Mines officially announced the completion of Phase I of the new “residence hive” last Friday. The futuristic living structure will be conveniently located between Green Center and the CTLM and is expected to drastically increase the number of students that can live on-campus. In addition, since it will be encased in thick concrete and housed underground, the earth will provide natural insulation to the living units inside, reducing the need for heating and cooling systems. Project leaders hope the structure will serve as a symbol of the Colorado School of Mines’s commitment to innovation and conservation.
Beyond that, as hive project head Brian Govern said, “It’ll also look really, really awesome.” The design of the residence hive is a fusion of actual beehives and the capsule hotels popular in Japan. The hive will feature over 900 hexagonal sleeping units, or “cells.” Each cell will contain a bed, embedded light, wired internet access, an assortment of accessories such as shelves, and will have an 8-foot ceiling.
The pit containing the living units will plunge about 100 feet into the ground, allowing students quick access to basement four of Chauvenet Hall. The sleeping units will line the walls of the pit, with catwalks to a large central hub containing bathrooms, laundry areas, greenhouses, and a playground. The playground will also provide quick access to the lower areas of the hive via a large spiral slide.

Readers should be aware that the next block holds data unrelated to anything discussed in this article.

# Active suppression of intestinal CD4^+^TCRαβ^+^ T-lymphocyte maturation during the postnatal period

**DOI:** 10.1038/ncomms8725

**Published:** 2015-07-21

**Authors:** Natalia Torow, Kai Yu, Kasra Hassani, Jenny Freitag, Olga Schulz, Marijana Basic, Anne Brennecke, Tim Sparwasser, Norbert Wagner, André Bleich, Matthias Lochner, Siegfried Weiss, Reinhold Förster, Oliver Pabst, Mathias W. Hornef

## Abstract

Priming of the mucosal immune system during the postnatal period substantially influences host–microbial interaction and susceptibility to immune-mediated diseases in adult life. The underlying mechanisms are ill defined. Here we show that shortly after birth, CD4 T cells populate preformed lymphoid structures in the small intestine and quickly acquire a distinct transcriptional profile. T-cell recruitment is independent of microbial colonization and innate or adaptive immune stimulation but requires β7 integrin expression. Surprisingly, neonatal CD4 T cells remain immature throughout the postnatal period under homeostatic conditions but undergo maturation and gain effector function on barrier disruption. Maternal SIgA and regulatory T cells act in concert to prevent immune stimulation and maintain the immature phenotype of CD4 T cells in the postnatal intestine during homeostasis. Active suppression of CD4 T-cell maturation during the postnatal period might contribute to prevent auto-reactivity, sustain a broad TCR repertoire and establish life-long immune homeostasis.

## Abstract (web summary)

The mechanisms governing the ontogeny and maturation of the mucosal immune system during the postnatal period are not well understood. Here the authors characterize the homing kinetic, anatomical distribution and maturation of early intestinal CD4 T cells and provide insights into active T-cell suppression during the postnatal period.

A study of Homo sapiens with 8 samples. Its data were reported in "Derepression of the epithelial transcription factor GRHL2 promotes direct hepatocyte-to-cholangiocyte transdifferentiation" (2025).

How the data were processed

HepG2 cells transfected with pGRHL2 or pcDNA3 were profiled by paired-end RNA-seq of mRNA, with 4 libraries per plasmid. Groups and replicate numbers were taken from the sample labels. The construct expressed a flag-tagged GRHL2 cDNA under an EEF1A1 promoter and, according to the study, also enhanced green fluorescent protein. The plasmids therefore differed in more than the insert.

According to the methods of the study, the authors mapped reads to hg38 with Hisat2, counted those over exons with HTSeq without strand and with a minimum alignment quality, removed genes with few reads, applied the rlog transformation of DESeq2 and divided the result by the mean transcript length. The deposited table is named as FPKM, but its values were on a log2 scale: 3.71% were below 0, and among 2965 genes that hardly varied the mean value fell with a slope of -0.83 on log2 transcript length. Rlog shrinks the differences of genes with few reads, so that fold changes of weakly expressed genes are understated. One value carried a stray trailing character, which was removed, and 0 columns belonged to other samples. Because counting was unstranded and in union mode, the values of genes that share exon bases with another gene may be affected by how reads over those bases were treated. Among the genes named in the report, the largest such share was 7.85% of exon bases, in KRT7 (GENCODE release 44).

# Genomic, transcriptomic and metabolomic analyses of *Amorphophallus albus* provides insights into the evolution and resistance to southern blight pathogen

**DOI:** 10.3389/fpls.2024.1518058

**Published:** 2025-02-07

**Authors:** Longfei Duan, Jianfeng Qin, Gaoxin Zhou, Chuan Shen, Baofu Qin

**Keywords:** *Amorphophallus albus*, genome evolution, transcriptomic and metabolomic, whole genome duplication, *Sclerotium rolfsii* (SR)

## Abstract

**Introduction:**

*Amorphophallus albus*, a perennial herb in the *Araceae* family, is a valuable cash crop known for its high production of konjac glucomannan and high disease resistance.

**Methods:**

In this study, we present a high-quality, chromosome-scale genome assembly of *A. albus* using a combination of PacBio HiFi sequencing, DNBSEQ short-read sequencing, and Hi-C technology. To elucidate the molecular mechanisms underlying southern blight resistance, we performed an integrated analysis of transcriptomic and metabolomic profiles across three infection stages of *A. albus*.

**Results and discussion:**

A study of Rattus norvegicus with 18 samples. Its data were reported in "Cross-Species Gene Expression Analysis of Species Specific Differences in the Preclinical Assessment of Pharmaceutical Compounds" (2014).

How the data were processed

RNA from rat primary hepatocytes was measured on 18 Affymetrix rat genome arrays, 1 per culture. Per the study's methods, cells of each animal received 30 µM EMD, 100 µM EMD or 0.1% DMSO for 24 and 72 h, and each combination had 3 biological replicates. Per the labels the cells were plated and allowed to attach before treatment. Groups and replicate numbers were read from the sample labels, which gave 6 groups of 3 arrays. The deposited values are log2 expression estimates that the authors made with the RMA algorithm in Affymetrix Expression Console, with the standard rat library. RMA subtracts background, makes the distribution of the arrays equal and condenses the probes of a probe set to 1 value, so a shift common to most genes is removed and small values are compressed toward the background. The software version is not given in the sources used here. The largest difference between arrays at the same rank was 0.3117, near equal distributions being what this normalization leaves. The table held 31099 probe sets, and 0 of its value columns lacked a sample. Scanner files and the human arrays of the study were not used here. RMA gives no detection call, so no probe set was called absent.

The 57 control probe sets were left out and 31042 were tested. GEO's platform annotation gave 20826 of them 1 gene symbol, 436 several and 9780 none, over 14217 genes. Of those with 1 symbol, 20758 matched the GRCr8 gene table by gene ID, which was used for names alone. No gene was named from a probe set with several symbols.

Cells in the hive will be offered to students at a monthly rate of $400 – plus a mandatory meal plan – with up to two residents allowed per cell. In an uncharacteristic move, upperclassmen will be allowed priority over freshmen. The waiting list has already been started, though Govern cautioned that the project may go past its expected completion date due to the custom solar panels that will be mounted on the hub. “To put it bluntly,” Govern said, “we require more minerals before we can go forward with the panels. But hey, that’s the price we pay for cutting-edge design – and to think we were originally planning to put a boring old petroleum engineering building there! Good thing our reputation for innovation is more than just talk.”